October 31, 2017


The more awareness we bring to the importance of language, the more change we see. One of the first places to start is the language we hear in our own heads -- the things we tell ourselves daily that define who we are within ourselves. Sometimes, it is the story we tell ourselves that we are not good enough, strong enough, smart enough, or beautiful enough. That we deserve everything challenging that has happened to us because, somehow, we are damaged goods. This is often called negative self-talk.

There are two types of stigma: internal and external. External stigma comes from what we hear from our family, friends, healthcare providers, and others, and from what we read in the media. Internal stigma comes from self-judgment and the negative self-talk we hear in our heads. We hear these messages in our voice and the voices of our loved ones. The language used in these messages is developed by our experiences in life, with stigma and discrimination, with shame and guilt.

One way to address internalized stigma is to change the messages we say to ourselves. This helps to change how we see ourselves, and we begin to treat ourselves with more compassion. One way to do this is through mirror work and self-affirmations, and being careful about choosing the words we use to describe ourselves.

Mirror Work and Positive Affirmations

Affirmations are messages we tell ourselves. Negative self-talk is a kind of affirmation, but not a helpful one. Mirror work involves looking in the mirror and saying positive affirmations to ourselves -- messages like:

  • "This thing will pass, but I love you, and that is forever" when something bad happens
  • "Looking good!" as you look at your beautiful face staring back

Positive affirmations can fill our minds with thoughts that heal our negative self-image and build confidence and self-esteem.

Researchers have found that using positive affirmations and mirror work has helped many women improve their self-image, confidence, outlook on life, and ultimately their health and well-being.

Examining and Changing Our Self-Talk

A good way to start examining our own self-talk is to write down the thoughts and messages we tell ourselves. Write down the "internal script," the narrative you repeat in your head, and then review these messages by yourself or with friends. Take the time to examine the specific language and words you choose to describe yourself and your current situation.

Examples of Negative Self Talk

  • I am infected with a horrible disease and no one will love me
  • I deserve HIV and it's my fault
  • I can't do anything right; I am not good enough
  • I am an HIV-infected mother, daughter, woman

Once you've done that, then ask yourself:

  • Are these thoughts true?
  • Are these thoughts helpful?
  • Do the words and phrases tear me down, or do these internal messages empower and lift me up?

Then try replacing the old image with a new, more accurate image of yourself.

Examples of Positive Self-Talk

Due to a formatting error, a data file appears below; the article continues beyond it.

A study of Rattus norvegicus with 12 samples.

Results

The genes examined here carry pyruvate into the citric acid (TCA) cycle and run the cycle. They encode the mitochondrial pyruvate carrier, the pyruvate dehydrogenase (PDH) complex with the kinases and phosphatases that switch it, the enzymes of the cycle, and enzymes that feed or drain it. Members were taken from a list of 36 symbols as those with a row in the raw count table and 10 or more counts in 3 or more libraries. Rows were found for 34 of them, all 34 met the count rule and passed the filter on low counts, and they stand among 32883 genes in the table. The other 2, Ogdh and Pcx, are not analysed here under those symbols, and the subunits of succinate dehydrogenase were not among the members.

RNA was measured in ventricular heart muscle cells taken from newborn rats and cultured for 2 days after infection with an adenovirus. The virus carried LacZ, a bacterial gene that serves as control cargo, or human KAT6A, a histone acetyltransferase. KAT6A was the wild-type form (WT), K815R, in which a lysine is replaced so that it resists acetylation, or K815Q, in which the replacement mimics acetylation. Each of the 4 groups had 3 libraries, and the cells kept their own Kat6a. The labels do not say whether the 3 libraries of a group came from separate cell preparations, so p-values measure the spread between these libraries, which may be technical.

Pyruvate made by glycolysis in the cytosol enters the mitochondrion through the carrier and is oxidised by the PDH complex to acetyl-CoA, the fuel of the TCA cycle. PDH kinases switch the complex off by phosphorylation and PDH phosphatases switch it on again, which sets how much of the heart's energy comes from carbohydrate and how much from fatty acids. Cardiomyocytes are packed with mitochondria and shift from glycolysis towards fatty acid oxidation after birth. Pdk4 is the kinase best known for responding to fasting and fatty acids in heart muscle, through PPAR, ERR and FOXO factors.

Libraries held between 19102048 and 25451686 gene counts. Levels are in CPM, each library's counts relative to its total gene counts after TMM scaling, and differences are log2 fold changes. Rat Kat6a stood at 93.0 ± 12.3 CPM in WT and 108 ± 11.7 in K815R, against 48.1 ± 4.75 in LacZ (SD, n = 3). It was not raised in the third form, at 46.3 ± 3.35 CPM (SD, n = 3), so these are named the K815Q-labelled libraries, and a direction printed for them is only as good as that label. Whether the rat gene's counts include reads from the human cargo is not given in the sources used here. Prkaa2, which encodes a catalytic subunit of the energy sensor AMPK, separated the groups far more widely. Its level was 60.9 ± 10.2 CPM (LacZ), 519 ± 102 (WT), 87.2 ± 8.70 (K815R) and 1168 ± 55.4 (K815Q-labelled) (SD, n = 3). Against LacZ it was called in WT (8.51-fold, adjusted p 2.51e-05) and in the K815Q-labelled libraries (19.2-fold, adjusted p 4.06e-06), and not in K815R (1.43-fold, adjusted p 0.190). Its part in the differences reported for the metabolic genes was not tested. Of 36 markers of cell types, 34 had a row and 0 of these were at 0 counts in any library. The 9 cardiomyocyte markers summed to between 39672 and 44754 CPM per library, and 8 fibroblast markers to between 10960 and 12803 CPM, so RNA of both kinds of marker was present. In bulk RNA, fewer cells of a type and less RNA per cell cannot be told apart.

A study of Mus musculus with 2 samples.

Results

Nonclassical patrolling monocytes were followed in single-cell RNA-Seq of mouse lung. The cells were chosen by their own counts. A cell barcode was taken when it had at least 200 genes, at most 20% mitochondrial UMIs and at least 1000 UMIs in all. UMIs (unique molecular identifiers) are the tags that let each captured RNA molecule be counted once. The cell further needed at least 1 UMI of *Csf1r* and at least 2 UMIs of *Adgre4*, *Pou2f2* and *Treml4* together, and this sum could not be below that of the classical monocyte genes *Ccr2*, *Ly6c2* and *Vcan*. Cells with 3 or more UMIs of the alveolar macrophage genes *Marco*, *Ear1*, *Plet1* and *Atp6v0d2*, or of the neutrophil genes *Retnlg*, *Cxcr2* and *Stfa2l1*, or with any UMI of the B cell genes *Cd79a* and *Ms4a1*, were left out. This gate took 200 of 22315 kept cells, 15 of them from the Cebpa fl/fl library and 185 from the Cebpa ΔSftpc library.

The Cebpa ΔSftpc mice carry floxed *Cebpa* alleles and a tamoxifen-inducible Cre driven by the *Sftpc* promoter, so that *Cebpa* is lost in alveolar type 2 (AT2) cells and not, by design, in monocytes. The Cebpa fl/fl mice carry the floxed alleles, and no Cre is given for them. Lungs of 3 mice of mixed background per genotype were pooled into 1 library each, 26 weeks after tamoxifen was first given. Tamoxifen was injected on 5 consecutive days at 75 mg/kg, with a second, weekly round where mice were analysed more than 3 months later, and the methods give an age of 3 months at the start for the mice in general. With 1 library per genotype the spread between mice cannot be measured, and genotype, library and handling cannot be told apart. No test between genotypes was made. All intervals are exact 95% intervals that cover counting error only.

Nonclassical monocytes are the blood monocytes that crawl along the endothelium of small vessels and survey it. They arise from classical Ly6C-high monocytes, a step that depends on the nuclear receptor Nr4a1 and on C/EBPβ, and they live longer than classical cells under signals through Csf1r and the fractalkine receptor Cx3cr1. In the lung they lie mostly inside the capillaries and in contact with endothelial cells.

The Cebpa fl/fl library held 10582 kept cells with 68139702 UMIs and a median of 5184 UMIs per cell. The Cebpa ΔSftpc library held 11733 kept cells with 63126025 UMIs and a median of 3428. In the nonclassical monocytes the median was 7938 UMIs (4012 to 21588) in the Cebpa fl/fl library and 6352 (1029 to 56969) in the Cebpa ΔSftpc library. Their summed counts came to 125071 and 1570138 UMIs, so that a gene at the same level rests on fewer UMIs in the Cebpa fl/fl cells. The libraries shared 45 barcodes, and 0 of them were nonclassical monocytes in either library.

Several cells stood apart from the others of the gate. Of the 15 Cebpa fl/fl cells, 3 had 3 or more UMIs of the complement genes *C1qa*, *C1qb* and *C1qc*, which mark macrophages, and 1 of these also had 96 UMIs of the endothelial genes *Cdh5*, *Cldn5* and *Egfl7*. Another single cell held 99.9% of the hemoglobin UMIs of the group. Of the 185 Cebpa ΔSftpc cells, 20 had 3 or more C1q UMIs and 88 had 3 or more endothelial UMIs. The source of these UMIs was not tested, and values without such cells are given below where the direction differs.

• I am living with HIV and I am lovable
  • I can follow my goals and dreams and live an amazing life
  • I am a woman living with HIV and I can empower myself and others

Positive self-talk involves finding words and phrases that inspire us. It also involves using less stigmatizing words to describe ourselves and our experiences.


Changing Language, Making Change

In order to make big changes in society we must first take the little steps ourselves. When we, as people living with HIV, begin to change the language we use, others will take notice. It will take time, change always does, but it is the right time to change how we talk and write about people living with HIV.

-- Lovinglife101, "Language and HIV: 'People First'"

Beginning to think about and make changes to the language they use to talk and think about HIV has been an empowering experience for many women living with HIV. For some, this process has led to pointing out the stigmatizing language used by others in their community: family, friends, and healthcare providers. Others may take the step of reaching out to members of the media, by writing letters to the editor of a publication or using social media, when a newspaper or website uses inappropriate language. Some people join with campaigns that make changing stigmatizing language a part of their strategy. HIV advocates have even won changes to the stigmatizing language used by large institutions like the U.S. Centers for Disease Control and Prevention.

These are all powerful ways to be an advocate -- and they don't all involve being the loudest voice in a big crowd. Every time you question the use of a phrase that fuels stigma and ignorance -- even to yourself -- you contribute to building hope, and to changing our culture from one that disrespects women living with HIV, to one that uses language to support the power and dignity of all women.

[Note from TheBody.com: This article was originally published by The Well Project on Oct. 19, 2017. We have cross-posted it with their permission.]